I believe it is my mission in life to destroy all mosquitoes. It’s a daunting task all southerners are instilled with at birth, yet few heed the call. I don’t know where to begin, who to consult, or how to go about doing it, but I will not be deterred. They will die.
I know the feeling, the sensation. I feel the hair on my skin brush briefly, like a prowling leopard submerged in savannah grass. My nerves go into shock – Code Red! I raise my hand up quickly, then slap my leg like it’s been cheating on me. I’m left with a swollen red leg, and if I’m lucky, a miniature corpse stuck against my thigh.
New Orleans is known for being a cultural gumbo rich in diversity. While many fight and struggle to coexists, everyone can agree on one subject – Mosquitoes. While it may seem like we invaded their humid territory, we’re the ones really under occupation. I can’t enjoy a brisk summer run without a bite on the arm, nor a soothing shower after a long, stressful day without being the victim to the bloodthirsty predator who dodges streams of shower water like arrows. I can recall many lazy, rainy Saturday afternoons spent on my porch swing, where after five minutes I’ve been bitten at least six times. It’s a crippling experience. I could feel panic set in as my arms and legs literally began to go numb, swelling around the bleeding epicenters. Mosquitoes are uncanny at nipping me at least once on each limb, before going for the more inconvenient spots – backs of shoulders, under the knees and elbows, ankles. I’ve tried the nets, the oils, and the repellants. Either my skin is immune to DEET, or they’re just too tricky. The mosquito trucks that drive by jetting pesticides like Mardi Gras doubloons seem completely ineffective. I cannot live under siege any longer. It has to end.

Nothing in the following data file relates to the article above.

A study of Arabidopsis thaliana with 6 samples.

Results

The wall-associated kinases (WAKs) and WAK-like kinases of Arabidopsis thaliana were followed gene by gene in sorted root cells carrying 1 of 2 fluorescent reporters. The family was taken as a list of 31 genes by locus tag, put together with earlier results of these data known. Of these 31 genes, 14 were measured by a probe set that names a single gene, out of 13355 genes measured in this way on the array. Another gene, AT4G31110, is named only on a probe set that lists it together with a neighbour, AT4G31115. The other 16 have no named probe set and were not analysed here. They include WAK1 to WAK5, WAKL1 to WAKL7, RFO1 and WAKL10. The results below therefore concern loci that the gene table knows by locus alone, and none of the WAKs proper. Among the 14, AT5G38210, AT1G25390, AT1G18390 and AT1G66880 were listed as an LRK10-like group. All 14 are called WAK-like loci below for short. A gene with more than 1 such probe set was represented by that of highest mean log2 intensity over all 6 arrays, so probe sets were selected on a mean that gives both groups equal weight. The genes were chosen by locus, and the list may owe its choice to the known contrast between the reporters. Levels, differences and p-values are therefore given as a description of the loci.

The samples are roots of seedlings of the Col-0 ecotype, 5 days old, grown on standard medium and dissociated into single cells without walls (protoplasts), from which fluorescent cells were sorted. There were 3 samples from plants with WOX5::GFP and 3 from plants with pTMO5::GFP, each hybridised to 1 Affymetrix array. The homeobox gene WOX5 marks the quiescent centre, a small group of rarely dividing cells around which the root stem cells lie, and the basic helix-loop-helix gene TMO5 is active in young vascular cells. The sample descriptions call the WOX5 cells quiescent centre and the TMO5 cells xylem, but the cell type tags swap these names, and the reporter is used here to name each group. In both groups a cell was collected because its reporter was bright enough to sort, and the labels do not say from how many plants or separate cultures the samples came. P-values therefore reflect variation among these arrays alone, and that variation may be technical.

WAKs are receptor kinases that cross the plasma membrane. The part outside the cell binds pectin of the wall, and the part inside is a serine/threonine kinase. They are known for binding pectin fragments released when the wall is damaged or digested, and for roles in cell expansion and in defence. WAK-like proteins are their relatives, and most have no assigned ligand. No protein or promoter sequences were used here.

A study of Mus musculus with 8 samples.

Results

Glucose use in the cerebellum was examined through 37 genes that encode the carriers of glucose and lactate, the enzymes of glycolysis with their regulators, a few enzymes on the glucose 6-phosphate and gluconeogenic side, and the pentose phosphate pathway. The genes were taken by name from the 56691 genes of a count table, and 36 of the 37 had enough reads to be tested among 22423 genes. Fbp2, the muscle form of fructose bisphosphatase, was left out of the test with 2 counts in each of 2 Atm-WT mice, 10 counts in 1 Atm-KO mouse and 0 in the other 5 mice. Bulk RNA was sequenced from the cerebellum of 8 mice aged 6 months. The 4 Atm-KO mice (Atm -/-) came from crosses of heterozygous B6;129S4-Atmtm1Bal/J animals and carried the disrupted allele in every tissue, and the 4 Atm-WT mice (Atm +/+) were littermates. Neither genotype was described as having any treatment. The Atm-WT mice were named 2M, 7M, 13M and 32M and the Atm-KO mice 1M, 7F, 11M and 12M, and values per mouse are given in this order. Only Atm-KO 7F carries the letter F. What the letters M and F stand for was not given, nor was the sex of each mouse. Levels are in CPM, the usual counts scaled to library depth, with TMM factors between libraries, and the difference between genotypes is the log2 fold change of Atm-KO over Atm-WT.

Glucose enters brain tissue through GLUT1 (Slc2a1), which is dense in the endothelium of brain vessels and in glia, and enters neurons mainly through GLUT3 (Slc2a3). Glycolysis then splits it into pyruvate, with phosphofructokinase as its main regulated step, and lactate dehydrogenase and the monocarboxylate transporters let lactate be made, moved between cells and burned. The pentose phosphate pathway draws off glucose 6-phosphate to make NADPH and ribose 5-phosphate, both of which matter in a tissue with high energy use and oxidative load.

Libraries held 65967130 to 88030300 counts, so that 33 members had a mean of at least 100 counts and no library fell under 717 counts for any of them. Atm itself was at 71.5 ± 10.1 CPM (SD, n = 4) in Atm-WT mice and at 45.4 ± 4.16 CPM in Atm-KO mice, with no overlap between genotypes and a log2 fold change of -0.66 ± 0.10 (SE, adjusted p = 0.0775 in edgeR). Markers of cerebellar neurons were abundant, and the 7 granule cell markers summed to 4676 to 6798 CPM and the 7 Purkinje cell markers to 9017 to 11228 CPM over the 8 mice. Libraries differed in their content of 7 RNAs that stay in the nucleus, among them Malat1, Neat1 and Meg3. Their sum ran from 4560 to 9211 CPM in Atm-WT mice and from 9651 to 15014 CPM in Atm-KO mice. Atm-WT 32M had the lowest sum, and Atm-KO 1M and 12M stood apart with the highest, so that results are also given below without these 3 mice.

What’s to lose? I’m pretty sure all the people suffering from malaria and West Nile virus aren’t going to complain. Not to mention all the allergic reactions, scars, and scabs that fair-skinned southerners such as myself are susceptible to. Everybody wins. I’ve heard the scientific polemic – circle of life, food chains, ecosystems, too much human involvement in nature, but we as humans are at the top of the food chain, so shouldn’t we get to decide who stays and who goes? In a city surrounded by gross crime and political corruption, who’s going to notice?
I take no pleasure in the killing of mosquitoes. It’s a nauseating and discomforting process, but everyone, and I mean everyone, kills mosquitoes. The Dalai Llama, champion of pacifism, admitted to killing a mosquito during his trip to New Orleans. With all the struggles the city has endured recently, I for one think I am entitled to some kind of break. Because honestly, I think it’s the least I could do for myself and my city.